Patterns of Alternative Tobacco Product Use Among Youth Experiencing Homelessness

Published in: Addictive Behaviors Volume 99 (December 2019), 106088. doi: 10.1016/j.addbeh.2019.106088

Posted on RAND.org on January 14, 2020

by Daniela Golinelli, Daniel Siconolfi, William G. Shadel, Rachana Seelam, Joan S. Tucker



Identifying distinct patterns of tobacco product use can inform efforts to reduce poly-tobacco use among young people, but little is known regarding patterns of use among youth experiencing homelessness. This study identified patterns of using tobacco/nicotine products among youth experiencing homelessness, and assessed whether certain subgroups of youth were more likely than others to engage in specific patterns of use.

Methods

Data were collected from a probability sample of 469 homeless youth who used tobacco in the past month, recruited from 25 service and street sites in Los Angeles County. Participants reported on lifetime and past month use of natural cigarettes, cigars, little cigars/cigarillos, electronic nicotine delivery systems, hookah, and chewing tobacco. Latent class analysis was used to identify patterns of tobacco product use.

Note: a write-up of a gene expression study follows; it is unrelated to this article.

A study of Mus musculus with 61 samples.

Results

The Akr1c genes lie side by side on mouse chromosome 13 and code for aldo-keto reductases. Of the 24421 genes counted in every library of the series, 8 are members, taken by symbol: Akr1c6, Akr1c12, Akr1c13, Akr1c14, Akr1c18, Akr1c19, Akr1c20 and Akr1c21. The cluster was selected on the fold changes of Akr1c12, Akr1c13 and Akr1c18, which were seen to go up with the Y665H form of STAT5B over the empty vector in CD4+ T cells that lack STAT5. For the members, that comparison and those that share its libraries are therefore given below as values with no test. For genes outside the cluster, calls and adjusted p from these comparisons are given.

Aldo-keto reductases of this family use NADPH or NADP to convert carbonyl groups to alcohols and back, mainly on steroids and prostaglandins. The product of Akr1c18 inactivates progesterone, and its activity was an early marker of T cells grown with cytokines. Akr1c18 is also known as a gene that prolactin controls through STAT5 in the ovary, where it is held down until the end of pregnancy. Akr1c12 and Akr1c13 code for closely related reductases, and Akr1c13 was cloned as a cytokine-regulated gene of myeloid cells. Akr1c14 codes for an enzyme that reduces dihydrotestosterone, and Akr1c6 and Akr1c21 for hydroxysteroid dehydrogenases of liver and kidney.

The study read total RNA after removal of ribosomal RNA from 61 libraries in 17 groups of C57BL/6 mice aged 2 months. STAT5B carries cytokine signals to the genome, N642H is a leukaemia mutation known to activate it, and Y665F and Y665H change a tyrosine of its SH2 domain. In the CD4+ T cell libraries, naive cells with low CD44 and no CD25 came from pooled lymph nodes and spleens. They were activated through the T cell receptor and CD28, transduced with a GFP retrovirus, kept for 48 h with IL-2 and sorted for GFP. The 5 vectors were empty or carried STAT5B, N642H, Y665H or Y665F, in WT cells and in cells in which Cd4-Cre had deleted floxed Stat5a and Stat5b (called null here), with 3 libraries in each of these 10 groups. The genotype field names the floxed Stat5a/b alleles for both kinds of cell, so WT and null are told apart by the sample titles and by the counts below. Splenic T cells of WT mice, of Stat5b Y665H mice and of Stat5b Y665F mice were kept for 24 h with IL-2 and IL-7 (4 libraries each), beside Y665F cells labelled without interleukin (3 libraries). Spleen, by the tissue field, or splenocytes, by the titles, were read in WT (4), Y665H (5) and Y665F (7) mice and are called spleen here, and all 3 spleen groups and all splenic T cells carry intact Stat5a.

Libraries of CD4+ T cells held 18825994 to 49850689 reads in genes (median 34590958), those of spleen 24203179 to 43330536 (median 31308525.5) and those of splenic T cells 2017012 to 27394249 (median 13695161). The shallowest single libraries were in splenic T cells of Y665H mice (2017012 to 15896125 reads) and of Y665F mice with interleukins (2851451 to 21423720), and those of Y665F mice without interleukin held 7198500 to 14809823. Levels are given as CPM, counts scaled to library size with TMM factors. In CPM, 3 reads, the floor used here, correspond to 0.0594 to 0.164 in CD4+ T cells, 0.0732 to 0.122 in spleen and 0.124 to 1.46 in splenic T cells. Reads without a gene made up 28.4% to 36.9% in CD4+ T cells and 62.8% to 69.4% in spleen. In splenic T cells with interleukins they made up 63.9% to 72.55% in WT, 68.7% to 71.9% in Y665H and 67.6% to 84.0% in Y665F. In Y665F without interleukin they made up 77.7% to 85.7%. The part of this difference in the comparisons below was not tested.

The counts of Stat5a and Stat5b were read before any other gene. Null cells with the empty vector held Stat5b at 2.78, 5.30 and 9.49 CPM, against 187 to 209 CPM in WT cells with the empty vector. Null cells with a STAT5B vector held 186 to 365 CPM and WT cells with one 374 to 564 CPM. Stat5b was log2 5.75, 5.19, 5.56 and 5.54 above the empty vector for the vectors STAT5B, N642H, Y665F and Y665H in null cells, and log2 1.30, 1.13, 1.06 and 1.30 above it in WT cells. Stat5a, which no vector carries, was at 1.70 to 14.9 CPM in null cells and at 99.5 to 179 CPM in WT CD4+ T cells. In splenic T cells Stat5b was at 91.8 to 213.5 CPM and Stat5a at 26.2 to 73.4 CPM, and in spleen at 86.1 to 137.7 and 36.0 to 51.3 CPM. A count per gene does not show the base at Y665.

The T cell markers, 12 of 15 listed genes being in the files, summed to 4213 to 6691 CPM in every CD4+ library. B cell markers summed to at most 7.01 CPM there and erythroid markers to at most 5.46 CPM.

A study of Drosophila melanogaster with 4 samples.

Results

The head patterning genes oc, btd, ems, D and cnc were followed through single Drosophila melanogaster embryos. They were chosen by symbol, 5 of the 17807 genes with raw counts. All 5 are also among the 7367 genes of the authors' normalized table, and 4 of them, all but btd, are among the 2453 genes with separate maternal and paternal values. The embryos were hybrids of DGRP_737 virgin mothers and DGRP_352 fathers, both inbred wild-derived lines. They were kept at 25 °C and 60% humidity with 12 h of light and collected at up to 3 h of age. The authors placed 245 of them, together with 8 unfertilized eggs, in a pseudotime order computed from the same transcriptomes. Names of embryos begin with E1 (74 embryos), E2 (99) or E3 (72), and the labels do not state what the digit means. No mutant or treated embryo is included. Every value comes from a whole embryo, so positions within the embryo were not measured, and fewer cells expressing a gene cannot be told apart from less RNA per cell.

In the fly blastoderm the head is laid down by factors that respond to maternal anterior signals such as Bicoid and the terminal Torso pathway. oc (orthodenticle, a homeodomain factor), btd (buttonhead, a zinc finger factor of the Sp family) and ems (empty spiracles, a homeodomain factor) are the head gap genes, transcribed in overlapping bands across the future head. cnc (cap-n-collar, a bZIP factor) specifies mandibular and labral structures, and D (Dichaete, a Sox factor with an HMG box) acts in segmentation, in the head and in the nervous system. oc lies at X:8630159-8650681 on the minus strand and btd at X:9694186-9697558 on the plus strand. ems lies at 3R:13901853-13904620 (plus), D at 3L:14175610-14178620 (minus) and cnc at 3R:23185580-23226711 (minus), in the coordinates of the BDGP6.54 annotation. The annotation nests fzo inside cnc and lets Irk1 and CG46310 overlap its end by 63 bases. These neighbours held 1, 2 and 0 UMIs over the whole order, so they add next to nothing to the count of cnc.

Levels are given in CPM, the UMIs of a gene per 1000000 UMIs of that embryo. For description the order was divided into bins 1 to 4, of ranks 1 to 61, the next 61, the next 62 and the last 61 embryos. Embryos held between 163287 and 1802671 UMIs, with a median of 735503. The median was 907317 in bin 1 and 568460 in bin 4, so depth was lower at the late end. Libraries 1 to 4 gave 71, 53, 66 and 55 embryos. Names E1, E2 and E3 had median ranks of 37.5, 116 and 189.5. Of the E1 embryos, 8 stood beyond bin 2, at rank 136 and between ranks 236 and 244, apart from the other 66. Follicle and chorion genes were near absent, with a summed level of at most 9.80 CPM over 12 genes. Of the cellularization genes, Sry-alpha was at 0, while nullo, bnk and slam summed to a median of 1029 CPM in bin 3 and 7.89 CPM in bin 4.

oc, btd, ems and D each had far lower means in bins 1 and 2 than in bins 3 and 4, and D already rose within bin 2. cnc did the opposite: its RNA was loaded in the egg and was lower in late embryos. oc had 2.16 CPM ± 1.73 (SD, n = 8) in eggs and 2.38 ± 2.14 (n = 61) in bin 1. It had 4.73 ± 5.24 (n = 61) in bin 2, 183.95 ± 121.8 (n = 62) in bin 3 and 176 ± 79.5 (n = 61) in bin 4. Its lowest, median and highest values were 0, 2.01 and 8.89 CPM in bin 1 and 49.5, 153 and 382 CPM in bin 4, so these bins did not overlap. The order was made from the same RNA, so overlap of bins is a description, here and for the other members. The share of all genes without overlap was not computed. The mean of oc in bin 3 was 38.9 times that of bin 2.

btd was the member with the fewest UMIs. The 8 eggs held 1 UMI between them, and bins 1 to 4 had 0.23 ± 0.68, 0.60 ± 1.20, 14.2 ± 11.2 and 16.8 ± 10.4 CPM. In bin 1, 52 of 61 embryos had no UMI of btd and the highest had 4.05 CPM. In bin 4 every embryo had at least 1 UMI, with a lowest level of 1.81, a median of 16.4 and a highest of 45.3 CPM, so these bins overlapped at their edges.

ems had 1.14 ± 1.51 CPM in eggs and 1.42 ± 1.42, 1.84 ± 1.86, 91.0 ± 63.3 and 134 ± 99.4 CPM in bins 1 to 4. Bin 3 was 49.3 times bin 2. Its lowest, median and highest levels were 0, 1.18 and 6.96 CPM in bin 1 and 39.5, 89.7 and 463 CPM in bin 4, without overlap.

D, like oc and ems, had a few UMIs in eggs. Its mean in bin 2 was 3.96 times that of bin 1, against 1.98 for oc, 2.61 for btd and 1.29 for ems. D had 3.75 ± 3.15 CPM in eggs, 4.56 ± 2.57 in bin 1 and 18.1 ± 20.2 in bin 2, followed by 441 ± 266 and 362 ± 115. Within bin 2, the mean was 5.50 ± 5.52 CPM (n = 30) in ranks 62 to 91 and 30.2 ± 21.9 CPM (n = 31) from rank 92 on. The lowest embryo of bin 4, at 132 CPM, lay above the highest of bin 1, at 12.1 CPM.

Results

We identified four main classes of use: traditional cigarettes smokers (34.7% of the sample), poly-tobacco experimenters (24.9%), current users of combustible products (natural cigarettes, cigars, little cigars/cigarillos; 27.1%), and current poly-tobacco users (13.1%). Youth who were male, slept outdoors, and screened positive for substance abuse disorder were more than twice as likely as their counterparts to be current poly-tobacco users relative to traditional cigarettes smokers.

Conclusions

Rates of poly-tobacco experimentation and current use among youth experiencing homelessness are high. This suggests that efforts to reduce the use of tobacco products in this population should focus on the combined use of these products, and further, that users with the greatest poly-use may have competing unmet needs such as substance use disorders and more severe homelessness.